Objectives: The present study investigated the 2-week prevalence of depressive symptoms in college freshmen from Beijing and Hong Kong. The relationship between depression and 3 personality factors in these college freshmen was analyzed.
Method: Center for Epidemiologic Studies Depression Scale (CES-D), Eysenck Personality Questionnaire-Neuroticism, Rosenberg Self-esteem Scale, and Frost Multidimensional Perfectionism Scale were administered to 988 Beijing and 802 Hong Kong Chinese college freshmen.
Results: Approximately 24.8% of freshmen in Beijing had scores on the CES-D exceeding 16, whereas 8.9% reported scores of 25 or higher. There was no sex difference in prevalence in Beijing. Approximately 43.9% of freshmen in Hong Kong had scores on the CES-D exceeding 16, whereas 17.6% reported scores of 25 or higher. The prevalence is significantly different between sexes in Hong Kong, with approximately 36.1% of men having scores of 16 or higher and 13.4% having scores of 25 or higher and approximately 50.7% of women having scores of 16 or higher and 21.3% having scores of 25 or higher. High neuroticism, concern over mistakes, doubts about actions, low self-esteem, and poor organization were associated with current depressive symptoms in both sites.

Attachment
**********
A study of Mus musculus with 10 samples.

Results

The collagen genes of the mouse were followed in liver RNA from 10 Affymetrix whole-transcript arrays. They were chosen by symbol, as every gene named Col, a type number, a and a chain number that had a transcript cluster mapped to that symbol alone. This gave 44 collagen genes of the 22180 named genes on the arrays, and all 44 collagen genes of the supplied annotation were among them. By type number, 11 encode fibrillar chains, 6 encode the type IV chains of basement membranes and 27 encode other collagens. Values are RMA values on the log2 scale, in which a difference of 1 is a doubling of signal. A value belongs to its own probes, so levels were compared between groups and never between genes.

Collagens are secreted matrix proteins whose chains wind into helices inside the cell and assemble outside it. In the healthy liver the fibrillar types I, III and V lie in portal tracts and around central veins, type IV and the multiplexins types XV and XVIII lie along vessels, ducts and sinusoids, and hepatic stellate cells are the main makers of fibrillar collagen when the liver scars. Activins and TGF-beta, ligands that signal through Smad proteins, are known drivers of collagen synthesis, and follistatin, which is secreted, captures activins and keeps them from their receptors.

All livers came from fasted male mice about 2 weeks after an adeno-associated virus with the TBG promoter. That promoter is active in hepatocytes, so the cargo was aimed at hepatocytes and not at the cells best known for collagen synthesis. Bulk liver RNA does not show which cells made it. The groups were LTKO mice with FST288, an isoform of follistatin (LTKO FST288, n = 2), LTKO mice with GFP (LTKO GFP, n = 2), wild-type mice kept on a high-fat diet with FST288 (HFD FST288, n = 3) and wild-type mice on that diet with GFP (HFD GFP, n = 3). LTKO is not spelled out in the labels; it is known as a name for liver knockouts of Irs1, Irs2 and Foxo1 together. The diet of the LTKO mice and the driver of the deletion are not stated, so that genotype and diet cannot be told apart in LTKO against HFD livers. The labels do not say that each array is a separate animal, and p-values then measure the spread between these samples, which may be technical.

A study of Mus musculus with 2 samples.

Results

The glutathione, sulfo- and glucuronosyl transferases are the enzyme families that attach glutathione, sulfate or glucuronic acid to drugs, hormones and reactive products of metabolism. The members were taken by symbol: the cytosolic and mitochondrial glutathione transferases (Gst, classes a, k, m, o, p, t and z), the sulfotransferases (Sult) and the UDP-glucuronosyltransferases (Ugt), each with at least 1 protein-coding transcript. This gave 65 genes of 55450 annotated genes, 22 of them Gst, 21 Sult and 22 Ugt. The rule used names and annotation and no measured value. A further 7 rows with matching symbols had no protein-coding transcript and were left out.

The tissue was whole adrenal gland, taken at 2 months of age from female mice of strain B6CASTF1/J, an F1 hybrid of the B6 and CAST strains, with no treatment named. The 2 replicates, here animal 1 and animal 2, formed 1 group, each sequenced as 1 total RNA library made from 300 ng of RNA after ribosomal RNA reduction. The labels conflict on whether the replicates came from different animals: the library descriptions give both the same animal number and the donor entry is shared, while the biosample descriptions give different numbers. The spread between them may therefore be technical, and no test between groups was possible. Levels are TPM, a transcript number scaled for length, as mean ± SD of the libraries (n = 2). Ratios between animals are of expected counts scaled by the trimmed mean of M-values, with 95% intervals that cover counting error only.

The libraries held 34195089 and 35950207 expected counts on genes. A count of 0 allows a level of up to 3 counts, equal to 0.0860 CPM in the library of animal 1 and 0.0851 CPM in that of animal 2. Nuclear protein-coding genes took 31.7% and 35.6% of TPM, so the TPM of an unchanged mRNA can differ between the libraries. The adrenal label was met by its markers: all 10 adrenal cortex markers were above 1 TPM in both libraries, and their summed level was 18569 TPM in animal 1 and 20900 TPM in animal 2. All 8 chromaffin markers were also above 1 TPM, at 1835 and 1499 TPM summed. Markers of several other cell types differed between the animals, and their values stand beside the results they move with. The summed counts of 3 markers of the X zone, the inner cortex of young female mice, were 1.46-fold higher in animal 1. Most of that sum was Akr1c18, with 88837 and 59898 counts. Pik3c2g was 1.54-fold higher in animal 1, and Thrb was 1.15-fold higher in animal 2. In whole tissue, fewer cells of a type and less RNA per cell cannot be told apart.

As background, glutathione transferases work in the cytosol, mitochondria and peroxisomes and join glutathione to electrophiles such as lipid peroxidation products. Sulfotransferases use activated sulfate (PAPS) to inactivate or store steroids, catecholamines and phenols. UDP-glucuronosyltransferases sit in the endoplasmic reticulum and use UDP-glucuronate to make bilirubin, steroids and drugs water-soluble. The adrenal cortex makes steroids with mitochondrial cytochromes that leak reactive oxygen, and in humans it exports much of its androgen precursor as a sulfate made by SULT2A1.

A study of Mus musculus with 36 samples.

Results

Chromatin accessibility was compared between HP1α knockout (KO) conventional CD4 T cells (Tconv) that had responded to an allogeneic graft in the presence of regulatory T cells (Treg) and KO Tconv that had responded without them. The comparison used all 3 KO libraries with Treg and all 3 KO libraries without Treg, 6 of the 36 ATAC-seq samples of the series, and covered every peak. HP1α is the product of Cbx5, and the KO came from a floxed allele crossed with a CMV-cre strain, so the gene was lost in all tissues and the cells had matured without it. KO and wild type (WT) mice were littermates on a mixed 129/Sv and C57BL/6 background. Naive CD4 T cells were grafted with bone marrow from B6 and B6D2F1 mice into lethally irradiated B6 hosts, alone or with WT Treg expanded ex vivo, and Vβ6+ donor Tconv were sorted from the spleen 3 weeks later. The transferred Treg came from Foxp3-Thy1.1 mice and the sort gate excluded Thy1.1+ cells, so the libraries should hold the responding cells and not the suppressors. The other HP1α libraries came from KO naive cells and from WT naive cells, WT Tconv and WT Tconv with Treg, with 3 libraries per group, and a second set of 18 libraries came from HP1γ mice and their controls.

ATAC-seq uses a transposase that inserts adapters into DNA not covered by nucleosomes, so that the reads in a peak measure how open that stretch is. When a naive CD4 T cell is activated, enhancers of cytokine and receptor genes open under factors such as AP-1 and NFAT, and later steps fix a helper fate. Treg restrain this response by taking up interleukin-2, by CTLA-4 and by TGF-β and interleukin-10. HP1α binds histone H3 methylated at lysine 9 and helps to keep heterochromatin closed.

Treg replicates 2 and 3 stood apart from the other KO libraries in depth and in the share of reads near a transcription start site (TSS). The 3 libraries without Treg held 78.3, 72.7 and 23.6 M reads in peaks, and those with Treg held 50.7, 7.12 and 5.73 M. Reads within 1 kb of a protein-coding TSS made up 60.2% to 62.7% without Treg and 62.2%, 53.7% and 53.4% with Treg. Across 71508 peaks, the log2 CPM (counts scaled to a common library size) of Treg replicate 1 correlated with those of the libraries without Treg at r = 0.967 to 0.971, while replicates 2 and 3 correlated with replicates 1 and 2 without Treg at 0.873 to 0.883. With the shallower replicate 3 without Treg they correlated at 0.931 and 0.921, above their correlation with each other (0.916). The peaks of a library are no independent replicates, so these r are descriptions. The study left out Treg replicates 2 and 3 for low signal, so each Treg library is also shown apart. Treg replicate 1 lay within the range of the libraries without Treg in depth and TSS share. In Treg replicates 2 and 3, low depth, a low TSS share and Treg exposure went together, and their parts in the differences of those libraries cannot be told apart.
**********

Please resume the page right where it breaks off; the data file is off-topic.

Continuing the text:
Conclusion: The higher prevalence of current depressive symptoms in college freshmen in Hong Kong suggests that their mental health is not as satisfactory as that of their counterparts in Beijing. The strong relationship between certain personality features and current depressive symptoms is similar in both regions. Personality differences in the 2 sites explain only part, but not all, of the difference in depressive symptoms between the 2 sites.